Bank of England governor Andrew Bailey has visited Peterhead port for a brief on the carbon capture and storage ambitions of the north-east of Scotland.
Mr Bailey and a team from the Bank of England were briefed by Peterhead Port Authority and Storegga, the firm behind the Acorn carbon capture storage (CSS) project that is set to operate out of St Fergus.
Stephen Paterson, acting chief executive of Peterhead Port Authority, said: “We were honoured to host a visit by Andrew Bailey, governor of the Bank of England, along with senior economist, Martin Seneca, and Agent for Scotland, William Dowson.
“They were joined by the board and senior management team of Storegga to share information on the plans for carbon capture and storage in North East Scotland.”
The North East project has entered the Track 2 process, which entails detailed negotiations with the government and continuing to develop the infrastructure needed to support decarbonisation in Scotland.
Acorn missed out on Track 1 funding in 2021, with projects in Wales and Teesside selected instead.
However, earlier this year prime minister Rishi Sunak announced the project was successful in the £1bn UK Government competition during a trip to Aberdeenshire as part of “Energy Week”.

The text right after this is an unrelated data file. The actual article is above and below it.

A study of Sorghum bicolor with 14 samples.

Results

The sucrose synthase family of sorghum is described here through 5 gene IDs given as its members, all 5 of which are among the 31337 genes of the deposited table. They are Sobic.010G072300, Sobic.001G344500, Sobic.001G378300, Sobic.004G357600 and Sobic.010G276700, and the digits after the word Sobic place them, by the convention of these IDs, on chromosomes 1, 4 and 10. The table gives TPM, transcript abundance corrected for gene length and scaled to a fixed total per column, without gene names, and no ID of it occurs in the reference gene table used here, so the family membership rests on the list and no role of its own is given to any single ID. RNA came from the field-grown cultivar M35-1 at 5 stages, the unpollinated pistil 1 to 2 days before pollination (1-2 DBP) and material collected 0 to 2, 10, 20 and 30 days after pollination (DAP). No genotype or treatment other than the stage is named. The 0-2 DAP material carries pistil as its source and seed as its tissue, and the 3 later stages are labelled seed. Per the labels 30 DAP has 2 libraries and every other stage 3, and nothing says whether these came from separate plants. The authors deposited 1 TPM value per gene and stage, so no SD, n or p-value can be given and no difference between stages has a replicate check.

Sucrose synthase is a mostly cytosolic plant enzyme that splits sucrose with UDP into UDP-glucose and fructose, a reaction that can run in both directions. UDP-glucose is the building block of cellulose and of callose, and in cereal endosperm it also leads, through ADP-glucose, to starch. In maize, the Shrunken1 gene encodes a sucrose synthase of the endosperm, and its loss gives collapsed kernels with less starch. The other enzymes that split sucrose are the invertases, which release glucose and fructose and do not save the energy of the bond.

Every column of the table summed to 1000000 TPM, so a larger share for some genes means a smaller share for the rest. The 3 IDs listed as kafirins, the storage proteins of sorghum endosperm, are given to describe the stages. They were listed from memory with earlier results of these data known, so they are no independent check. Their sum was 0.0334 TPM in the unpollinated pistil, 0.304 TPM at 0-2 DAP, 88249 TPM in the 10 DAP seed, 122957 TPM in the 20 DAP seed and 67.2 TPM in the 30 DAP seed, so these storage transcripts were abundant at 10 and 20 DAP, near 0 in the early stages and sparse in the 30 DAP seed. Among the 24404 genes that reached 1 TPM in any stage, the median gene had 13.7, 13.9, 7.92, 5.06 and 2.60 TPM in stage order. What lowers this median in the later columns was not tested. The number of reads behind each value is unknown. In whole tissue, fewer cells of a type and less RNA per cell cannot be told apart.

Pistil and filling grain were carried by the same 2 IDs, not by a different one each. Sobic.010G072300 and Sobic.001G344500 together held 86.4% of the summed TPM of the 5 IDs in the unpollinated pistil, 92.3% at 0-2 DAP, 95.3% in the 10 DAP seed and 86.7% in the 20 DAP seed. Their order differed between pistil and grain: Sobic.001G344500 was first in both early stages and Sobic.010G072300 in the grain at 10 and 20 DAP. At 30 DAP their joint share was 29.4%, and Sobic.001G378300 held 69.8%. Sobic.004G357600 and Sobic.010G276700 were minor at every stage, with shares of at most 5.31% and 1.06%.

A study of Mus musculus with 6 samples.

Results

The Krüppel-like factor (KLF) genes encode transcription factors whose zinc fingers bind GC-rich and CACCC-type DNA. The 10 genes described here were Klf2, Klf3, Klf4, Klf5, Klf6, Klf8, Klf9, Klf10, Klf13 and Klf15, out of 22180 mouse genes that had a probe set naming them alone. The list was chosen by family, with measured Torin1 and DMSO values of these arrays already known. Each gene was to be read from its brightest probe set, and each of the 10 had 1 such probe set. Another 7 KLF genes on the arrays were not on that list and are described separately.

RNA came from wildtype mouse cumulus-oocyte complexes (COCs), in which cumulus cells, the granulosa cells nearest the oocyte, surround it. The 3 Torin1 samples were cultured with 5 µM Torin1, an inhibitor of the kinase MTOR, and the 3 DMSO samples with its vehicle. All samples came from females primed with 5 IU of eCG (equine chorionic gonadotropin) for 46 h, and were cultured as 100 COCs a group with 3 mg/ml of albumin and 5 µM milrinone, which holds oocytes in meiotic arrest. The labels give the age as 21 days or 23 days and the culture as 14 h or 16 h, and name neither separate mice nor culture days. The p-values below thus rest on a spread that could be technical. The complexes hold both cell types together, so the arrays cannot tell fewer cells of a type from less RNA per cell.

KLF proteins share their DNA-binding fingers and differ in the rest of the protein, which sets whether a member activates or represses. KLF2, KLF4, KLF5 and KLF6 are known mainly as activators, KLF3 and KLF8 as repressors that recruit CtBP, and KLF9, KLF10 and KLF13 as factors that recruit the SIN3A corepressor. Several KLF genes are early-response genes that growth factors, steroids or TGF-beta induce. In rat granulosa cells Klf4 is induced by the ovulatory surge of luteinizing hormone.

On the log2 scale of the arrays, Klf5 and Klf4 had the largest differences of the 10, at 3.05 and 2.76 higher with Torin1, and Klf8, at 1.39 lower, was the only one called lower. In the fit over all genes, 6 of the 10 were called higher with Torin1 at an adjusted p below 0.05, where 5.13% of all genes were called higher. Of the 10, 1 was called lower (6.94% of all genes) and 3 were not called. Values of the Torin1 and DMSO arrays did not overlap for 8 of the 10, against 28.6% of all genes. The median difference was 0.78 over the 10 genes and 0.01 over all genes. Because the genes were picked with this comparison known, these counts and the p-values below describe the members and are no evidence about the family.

Around 21,000 jobs are expected to be created by Acorn at peak, say developer Storegga, which is partnered with Shell, Harbour Energy and North Sea Midstream Partners on the carbon capture scheme.
Acorn will use infrastructure at the St Fergus terminal – which lands about 25% of the UK’s supply – to send CO2 underground into depleted gas reservoirs in the North Sea.
For the Peterhead region, the Tack 2 announcement ended a decades-long wait to get local CCS projects running, following cancelled projects in 2007 and 2015.
Recently, Acorn was awarded additional carbon storage licences in the North Sea by the UK regulator, the North Sea Transition Authority.
The additional licences expanded the system’s storage capacity to around 240 million tonnes of CO2 in total.
On the Bank of England visit, Nick Cooper, chief executive of Storegga, said: “It was wonderful to have the opportunity to share an overview of our work in North East Scotland with Governor Bailey, Mr Seneca and Mr Dowson.
“We’re heartened that these innovative technologies are being treated with an importance that will inject new momentum into the fight against climate change and supporting a greener economy.
“We’re pleased to be moving along in the Track-2 process, and look forward to working with government to deliver the benefits of job creation and upskilling, inward investment, fostering innovation in new technologies, and most importantly, decarbonising both Scotland and the UK.”